As they have all year, Senate Republicans prevented the move to set dates by which the president would have to begin and complete bringing American forces home.
And Democratic leaders gave in to demands from the Bush administration for more money for the war without any congressionally imposed restrictions. The latest $70 billion in war funding was incorporated into a $555-billion omnibus spending bill that will fund most of the federal government next year.
"In the end, we had very little leverage to do anything," Sen. Bill Nelson (D-Fla.) said as the once-heated war debate closed with little suspense and no drama.
Senators spent as much time Tuesday delivering tributes to retiring Mississippi Sen. Trent Lott -- the chamber's No. 2 Republican, who is leaving in the middle of his term -- as they did debating the war.
The four senators seeking the Democratic presidential nomination -- Joseph R. Biden Jr. of Delaware, Hillary Rodham Clinton of New York, Christopher J. Dodd of Connecticut and Barack Obama of Illinois -- missed the debate.
And even the most fervent antiwar groups seemed resigned to defeat. Tuesday afternoon, a pair of Code Pink protesters, members of a group that all year has disrupted congressional hearings and committee meetings on the war, stood quietly in a corridor connecting the Capitol with a Senate office building.
House and Senate Democratic leaders, who have been laboring for months on the long-overdue spending measure, had pledged this fall to resist White House pressure to approve unrestricted funding for the war in Iraq, as they did earlier this year.
Democrats dismissed Pentagon warnings that the lack of funding would create massive disruptions for the military.
And on Monday, the House passed a $516-billion version of the omnibus spending bill that did not include Iraq funding; House leaders limited war-related money to use in Afghanistan.
But that approach didn't stand a chance in the closely divided Senate, where the 49-member Republican caucus has been able to block Democratic restrictions on the war all year.
Tuesday was no different.
Sen. Russell D. Feingold (D-Wis.), backed by Senate Majority Leader Harry Reid (D-Nev.) pushed a proposal to require the withdrawal of most U.S. troops within nine months.
It won just 24 votes, far shy of the 60-vote supermajority required for amending the spending bill. Not a single Republican voted for it.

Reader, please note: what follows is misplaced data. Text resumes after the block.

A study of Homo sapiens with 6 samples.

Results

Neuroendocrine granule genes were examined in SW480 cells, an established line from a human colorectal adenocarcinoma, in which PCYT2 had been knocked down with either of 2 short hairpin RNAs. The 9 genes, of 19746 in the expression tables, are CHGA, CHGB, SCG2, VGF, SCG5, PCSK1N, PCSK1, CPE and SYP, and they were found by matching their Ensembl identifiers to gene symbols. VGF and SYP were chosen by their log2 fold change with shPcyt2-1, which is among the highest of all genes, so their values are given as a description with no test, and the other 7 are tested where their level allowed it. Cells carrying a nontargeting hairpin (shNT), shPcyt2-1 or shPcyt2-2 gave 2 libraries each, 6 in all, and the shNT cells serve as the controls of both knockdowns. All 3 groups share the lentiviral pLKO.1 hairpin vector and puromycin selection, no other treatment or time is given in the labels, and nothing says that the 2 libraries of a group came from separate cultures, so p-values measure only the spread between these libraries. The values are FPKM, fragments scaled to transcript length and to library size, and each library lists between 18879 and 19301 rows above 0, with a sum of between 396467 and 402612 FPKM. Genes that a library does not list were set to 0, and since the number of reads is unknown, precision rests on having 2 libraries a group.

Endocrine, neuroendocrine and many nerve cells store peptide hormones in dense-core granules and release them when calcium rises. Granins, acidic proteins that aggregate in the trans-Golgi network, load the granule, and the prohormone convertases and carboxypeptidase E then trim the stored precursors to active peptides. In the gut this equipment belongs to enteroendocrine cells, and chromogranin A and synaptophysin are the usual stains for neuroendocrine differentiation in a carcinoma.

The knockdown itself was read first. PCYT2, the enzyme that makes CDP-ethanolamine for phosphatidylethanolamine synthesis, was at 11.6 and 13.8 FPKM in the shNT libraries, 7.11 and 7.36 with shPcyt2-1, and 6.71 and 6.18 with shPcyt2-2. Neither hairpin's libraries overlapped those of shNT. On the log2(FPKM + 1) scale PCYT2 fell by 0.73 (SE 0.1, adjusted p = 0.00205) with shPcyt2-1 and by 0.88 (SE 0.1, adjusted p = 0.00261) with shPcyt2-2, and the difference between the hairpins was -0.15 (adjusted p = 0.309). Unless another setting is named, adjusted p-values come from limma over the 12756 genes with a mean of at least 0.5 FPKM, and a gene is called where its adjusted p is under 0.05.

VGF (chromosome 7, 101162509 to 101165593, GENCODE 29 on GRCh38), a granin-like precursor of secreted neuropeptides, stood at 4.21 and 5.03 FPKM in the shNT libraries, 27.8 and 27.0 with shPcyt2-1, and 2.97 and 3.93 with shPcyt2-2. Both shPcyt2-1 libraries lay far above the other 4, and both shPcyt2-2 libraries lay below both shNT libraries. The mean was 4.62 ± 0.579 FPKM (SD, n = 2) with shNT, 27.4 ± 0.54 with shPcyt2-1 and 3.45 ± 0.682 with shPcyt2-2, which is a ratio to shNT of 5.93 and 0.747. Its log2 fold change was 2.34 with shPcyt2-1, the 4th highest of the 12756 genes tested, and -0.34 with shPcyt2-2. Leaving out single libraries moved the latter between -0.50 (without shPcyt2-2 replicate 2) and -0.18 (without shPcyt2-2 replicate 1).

In a separate bid to get more GOP support, Senate Armed Services Committee Chairman Carl Levin (D-Mich.), who has helped lead the Senate Democratic legislative campaign on the war, backed away from his yearlong effort to push for a withdrawal timeline.
Instead, he offered a nonbinding measure that simply urged the president to begin limiting the mission of U.S. troops in Iraq to protecting American personnel, training Iraqis and conducting counterterrorism operations.
The proposal, which closely resembled a compromise proposal that had been pushed all year by Sens. Susan Collins (R-Maine) and Ben Nelson (D-Neb.), set a goal of completing the transition by the end of 2008.
Sen. George Voinovich (R-Ohio), who has not previously voted for legislation challenging the president's war strategy, agreed to cosponsor the amendment. But Levin's proposal still attracted just six Republican votes and fell 10 short of the 60-vote threshold.
By contrast, the move by Senate Minority Leader Mitch McConnell (R-Ky.) to attach additional Iraq war funding to the spending bill got 70 votes, as 21 Democrats and an independent joined 48 Republicans in backing the proposal.
"Attacks on American troops are down. Civilian casualties around Baghdad are down," McConnell said. "A lot has changed in Iraq. And here in Washington, we should take notice. . . . We must not impose an arbitrary timeline for withdrawal."
Sen. John McCain of Arizona, the only GOP presidential contender in the Senate, spoke passionately in favor of additional funding for the war and voted against the Levin and Feingold measures.
The omnibus bill, including the war funding, passed the Senate 76-17. It will now go back to the House, where a coalition of Republicans and centrist Democrats are expected to provide enough votes to send it to President Bush. The White House has indicated he will sign a measure that provides unrestricted money for the war.
Feingold, who has pushed his Democratic colleagues all year to take on the president more aggressively, struck a defiant tone in the face of the latest defeat on Capitol Hill for war opponents.
"We have a lot of important priorities here, but nothing is more important to me or my constituents than ending this disastrous war," Feingold said on the Senate floor.
"As I do every year, I held a town hall meeting in every county in Wisconsin this year," he said. "They weren't asking us to give the president more time for his so-called surge. Like Americans all across the country, they want an end to this war, and they want to know what's stopping us."
But the tumult that gripped the Capitol earlier this year when congressional Democrats began their push against the president's troop escalation was notably missing Tuesday.
And the vote tallies underscored how little progress Democrats have made in the face of Republican opposition this year. With only 50 votes, the Levin measure fared no better than earlier proposals that failed in July and November. Feingold's proposal -- though it had a record 17 cosponsors, including California Democrat Barbara Boxer -- attracted five fewer votes than it did in May.